Carried out by the University of Edinburgh’s Physical Activity for Health Research Centre, the team gathered data on 14,367 people in Scotland taken from the 2012-14 Scottish Health Survey, to look at how age and sex affected weekday and weekend sedentary time.
Defined as time spent in any waking activity done while sitting or reclined, sedentary time includes working, eating, reading, watching TV, or spending time on a computer.
Many recent studies have looked at the effects of sedentary time on health, with some experts warning that more than seven hours of inactivity a day can increase the risk of cardiovascular disease, type 2 diabetes, some cancers, and an early death, even if people are physically active at other times of the day.
The results of the new research found that men aged 45 to 54 spend on average 7.8 hours per weekday sitting down, compared with 7.4 hours for the over-75s.
Time spent sitting at work is the main reason for their sedentary time.
The team also found that only the youngest group of men — 16 to 24-year-olds — are significantly less sedentary than the over-75s on weekdays.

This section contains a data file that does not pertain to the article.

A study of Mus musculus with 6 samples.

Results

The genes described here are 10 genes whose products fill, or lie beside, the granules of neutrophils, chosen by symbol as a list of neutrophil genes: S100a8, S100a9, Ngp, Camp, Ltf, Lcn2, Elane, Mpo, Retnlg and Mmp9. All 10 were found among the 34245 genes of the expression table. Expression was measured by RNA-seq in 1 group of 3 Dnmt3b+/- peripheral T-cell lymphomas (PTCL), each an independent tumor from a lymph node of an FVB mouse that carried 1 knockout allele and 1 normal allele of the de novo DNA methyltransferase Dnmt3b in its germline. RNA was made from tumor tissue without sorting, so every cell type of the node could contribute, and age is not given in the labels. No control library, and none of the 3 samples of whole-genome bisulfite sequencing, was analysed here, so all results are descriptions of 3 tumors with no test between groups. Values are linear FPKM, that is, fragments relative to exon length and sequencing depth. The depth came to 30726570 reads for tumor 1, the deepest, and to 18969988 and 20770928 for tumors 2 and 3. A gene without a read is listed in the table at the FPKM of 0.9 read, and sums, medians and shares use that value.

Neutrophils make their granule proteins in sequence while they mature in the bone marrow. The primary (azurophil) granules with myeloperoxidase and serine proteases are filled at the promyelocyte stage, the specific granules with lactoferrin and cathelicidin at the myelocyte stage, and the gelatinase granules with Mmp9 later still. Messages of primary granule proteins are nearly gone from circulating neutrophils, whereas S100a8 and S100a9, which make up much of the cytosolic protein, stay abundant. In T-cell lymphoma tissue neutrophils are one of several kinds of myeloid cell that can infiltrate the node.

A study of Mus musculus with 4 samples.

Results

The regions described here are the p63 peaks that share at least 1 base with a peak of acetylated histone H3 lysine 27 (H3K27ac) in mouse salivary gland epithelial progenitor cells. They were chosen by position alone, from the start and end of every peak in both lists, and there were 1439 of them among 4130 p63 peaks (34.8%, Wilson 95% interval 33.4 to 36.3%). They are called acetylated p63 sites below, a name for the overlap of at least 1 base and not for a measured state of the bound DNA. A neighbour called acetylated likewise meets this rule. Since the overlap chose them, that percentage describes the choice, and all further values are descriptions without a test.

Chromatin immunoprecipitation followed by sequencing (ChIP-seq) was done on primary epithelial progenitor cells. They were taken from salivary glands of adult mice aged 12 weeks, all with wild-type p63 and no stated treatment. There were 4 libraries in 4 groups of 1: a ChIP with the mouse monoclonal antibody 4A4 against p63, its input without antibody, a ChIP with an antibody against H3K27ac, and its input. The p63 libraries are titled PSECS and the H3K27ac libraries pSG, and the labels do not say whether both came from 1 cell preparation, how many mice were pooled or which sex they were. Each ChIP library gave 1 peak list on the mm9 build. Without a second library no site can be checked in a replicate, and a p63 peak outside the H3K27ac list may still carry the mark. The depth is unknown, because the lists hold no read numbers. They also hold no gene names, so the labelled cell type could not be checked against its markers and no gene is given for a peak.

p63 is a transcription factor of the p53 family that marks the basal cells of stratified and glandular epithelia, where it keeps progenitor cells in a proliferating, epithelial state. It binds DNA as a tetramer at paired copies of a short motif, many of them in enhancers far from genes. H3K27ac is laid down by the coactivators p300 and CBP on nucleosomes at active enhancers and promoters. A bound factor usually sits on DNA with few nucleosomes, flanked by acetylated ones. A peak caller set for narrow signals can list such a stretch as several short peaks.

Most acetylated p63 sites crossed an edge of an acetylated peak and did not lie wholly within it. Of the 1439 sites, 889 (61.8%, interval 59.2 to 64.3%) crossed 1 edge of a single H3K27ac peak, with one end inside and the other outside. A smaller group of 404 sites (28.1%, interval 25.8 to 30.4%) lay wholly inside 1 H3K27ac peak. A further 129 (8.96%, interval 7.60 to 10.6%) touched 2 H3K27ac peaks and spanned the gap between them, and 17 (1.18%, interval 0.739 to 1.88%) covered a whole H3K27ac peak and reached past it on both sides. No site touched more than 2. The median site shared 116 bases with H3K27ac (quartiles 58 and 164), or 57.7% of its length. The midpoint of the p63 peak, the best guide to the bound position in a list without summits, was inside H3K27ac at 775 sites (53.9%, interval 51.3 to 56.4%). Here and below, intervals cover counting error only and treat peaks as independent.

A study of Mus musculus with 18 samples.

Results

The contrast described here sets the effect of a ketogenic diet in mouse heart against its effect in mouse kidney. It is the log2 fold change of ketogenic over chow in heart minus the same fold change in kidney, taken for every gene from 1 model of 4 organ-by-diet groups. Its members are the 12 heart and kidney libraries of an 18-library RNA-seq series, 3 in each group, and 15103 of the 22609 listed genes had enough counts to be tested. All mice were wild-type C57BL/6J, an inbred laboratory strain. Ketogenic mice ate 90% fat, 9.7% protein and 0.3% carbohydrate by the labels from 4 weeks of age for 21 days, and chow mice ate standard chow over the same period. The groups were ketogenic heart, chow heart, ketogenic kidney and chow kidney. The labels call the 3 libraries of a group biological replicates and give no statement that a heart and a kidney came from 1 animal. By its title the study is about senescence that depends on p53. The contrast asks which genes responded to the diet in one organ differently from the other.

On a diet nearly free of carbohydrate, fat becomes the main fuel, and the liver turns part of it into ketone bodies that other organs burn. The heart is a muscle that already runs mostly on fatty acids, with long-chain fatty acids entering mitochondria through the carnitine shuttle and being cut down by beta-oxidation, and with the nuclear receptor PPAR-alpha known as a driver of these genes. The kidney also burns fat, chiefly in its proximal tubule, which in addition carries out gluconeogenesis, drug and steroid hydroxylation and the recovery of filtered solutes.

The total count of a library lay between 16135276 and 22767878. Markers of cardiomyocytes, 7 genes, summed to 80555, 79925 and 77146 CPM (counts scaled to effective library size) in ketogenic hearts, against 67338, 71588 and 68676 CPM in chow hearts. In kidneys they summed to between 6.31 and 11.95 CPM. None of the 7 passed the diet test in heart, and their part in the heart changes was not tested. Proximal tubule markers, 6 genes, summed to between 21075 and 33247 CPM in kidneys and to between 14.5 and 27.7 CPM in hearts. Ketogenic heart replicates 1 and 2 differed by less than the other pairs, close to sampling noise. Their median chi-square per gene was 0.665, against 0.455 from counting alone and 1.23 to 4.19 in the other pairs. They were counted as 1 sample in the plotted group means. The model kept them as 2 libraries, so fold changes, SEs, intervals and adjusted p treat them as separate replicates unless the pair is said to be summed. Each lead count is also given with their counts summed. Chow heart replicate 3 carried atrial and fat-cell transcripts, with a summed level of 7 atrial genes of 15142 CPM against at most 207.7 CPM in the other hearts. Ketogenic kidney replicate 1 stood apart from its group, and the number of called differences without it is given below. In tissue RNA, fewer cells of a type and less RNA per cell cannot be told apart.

Most of the time spent sedentary in this age group is spent in front of a TV or screen.
At the weekend, those aged 25 to 54 were the least sedentary, sitting for between 5.2 and 5.7 hours a day, and in contrast the over 75s were the most sedentary, at 7.3 to 7.4 hours a day.
In addition, the researchers also found that men spend less time in front of a screen as they get older, with women peaking in middle-age.
The results now replace previous findings that older adults are the most sedentary age group in the UK and highlights the potential health risks of excessive sitting at work.
“Large parts of the population are dangerously sedentary, something we have underestimated. We need to tackle high levels of sedentary time in early and middle age, when patterns may develop. Our findings suggest that changing habits in the workplace could be an appropriate place to start, given how much time we spend sitting there every day,” commented one of the study’s authors Tessa Strain.
The findings were published in the Journal of Sports Sciences.